Varicose veins are swollen and knotted veins, appearing close to the surface, that usually develop in the legs. However, they can develop anywhere. For blood to be circulated throughout the body, the arteries carry the blood from the heart to the rest of the tissues in the body. The veins then return the blood from the tissues and other parts of the body back to the heart. The veins located in the legs get overworked, since they work against gravity to return the blood to the heart. With the extra work that the veins in the legs do, varicose veins can develop. There are other factors that contribute to varicose veins.
The aging process can make varicose veins worse. As the body ages, so does the veins and tissues, making them weak. Once the veins get weak, the blood is not circulated as well as it needs to be. This causes the varicose veins. The blue color of the veins is caused by the blood not being circulated through the lungs.
Pregnancy can also cause varicose veins. Pregnancy increases the blood volume. With the increased blood volume, the risk of developing varicose veins becomes greater. The risk is greater with each additional pregnancy, and if you have a family history of varicose veins. Additional risk factors include multiple births, being overweight, and standing for a long time without breaks. If you have developed varicose veins during pregnancy, they will usually disappear after giving birth. If the veins do not decrease, there are other ways to get rid of them.
Prevention of Varicose Veins
There are many different ways to prevent varicose veins from developing. Exercising is one of the best ways to prevent varicose veins. While exercising, the heart beats faster, causing the blood to move through the body faster and easier. This helps to keep the blood flow moving and not pooling in the legs or other veins. Daily exercise also helps with keeping the weight off, which also helps prevent them from forming. Then, after exercising or a hard day on the job, sit down and elevate your legs and feet. This will help to keep the blood from pooling in the calf area and keep the blood flowing.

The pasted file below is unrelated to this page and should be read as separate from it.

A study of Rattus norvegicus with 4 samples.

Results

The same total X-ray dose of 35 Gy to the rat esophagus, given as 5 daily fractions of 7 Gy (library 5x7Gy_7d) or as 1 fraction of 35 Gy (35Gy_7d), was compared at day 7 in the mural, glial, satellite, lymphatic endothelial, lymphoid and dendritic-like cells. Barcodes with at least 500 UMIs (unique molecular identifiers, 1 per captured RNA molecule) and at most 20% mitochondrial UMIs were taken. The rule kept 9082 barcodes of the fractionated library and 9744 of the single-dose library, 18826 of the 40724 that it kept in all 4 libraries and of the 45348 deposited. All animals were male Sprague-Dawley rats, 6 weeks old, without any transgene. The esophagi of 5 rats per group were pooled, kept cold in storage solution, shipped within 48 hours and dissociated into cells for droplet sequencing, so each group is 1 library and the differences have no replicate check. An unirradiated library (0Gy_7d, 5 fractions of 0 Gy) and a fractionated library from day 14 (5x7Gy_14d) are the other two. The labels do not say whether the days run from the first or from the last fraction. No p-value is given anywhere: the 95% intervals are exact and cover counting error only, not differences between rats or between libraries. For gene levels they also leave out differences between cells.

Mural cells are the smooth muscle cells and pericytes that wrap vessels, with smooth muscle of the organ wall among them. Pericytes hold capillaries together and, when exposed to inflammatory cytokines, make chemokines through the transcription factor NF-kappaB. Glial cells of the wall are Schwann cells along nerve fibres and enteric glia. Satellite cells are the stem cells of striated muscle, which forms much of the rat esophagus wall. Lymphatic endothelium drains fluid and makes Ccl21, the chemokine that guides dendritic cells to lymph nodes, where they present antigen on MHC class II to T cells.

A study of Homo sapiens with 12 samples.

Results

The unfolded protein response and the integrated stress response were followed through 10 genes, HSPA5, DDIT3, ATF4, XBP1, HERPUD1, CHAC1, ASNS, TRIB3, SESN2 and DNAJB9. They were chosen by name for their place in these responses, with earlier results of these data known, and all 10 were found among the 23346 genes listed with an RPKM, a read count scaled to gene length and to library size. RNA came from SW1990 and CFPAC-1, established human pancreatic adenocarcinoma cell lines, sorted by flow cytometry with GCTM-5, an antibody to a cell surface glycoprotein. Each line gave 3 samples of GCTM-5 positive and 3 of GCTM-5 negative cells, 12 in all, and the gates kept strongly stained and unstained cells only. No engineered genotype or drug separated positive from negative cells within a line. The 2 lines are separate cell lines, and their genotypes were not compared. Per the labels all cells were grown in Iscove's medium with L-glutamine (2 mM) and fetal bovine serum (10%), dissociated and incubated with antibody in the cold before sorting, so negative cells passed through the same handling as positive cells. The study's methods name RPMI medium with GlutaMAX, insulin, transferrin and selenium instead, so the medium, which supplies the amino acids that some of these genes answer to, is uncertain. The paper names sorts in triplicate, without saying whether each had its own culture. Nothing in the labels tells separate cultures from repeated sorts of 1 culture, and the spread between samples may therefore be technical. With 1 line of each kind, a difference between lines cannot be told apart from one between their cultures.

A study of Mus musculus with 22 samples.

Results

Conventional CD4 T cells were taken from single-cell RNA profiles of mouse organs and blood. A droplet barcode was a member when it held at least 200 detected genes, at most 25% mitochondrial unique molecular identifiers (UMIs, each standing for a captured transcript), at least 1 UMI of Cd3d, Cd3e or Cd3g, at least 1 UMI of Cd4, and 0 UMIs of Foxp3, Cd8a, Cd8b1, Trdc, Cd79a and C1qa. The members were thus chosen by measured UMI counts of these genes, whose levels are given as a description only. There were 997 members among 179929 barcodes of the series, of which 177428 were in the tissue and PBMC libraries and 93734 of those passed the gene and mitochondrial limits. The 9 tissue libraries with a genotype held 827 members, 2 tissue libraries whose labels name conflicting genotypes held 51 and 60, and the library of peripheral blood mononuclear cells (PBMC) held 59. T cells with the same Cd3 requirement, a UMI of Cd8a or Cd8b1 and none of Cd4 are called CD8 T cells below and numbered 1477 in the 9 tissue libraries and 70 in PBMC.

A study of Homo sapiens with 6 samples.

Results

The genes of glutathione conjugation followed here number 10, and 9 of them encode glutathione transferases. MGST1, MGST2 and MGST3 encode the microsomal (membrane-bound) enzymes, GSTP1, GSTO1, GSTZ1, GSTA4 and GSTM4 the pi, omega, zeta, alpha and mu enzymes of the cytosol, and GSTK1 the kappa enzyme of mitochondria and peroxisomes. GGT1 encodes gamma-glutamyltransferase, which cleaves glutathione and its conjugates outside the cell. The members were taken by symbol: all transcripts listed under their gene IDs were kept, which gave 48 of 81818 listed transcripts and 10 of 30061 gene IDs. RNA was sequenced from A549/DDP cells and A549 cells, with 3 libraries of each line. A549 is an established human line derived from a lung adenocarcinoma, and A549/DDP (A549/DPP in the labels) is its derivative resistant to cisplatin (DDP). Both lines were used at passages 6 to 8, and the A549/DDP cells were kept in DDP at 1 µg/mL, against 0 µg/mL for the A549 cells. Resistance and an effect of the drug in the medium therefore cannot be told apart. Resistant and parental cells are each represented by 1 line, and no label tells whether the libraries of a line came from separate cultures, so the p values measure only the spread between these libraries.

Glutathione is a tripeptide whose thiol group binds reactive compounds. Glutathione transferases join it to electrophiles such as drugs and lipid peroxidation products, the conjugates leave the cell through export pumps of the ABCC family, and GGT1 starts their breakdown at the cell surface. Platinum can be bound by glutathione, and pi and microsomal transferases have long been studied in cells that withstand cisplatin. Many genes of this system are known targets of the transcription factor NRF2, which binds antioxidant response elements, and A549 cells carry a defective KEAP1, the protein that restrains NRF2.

Another way to prevent varicose veins if you are on your feet all day long, especially on cement floors like factory workers, is to wear support hose. The support hose are tighter at the ankles and get looser all the way to the top. They prevent swelling by helping the blood flow upward, back to the heart. If you are on your feet for long periods of time, make sure to take breaks often. When you are sitting down, try to avoid crossing your legs and feet. This cuts off the blood flow causing the blood to just sit there. This will increase the chance of varicose veins forming.
Varicose veins are not always preventable, but if you are at risk of developing them, keep these helpful hints in mind and try not to increase your chances of getting them.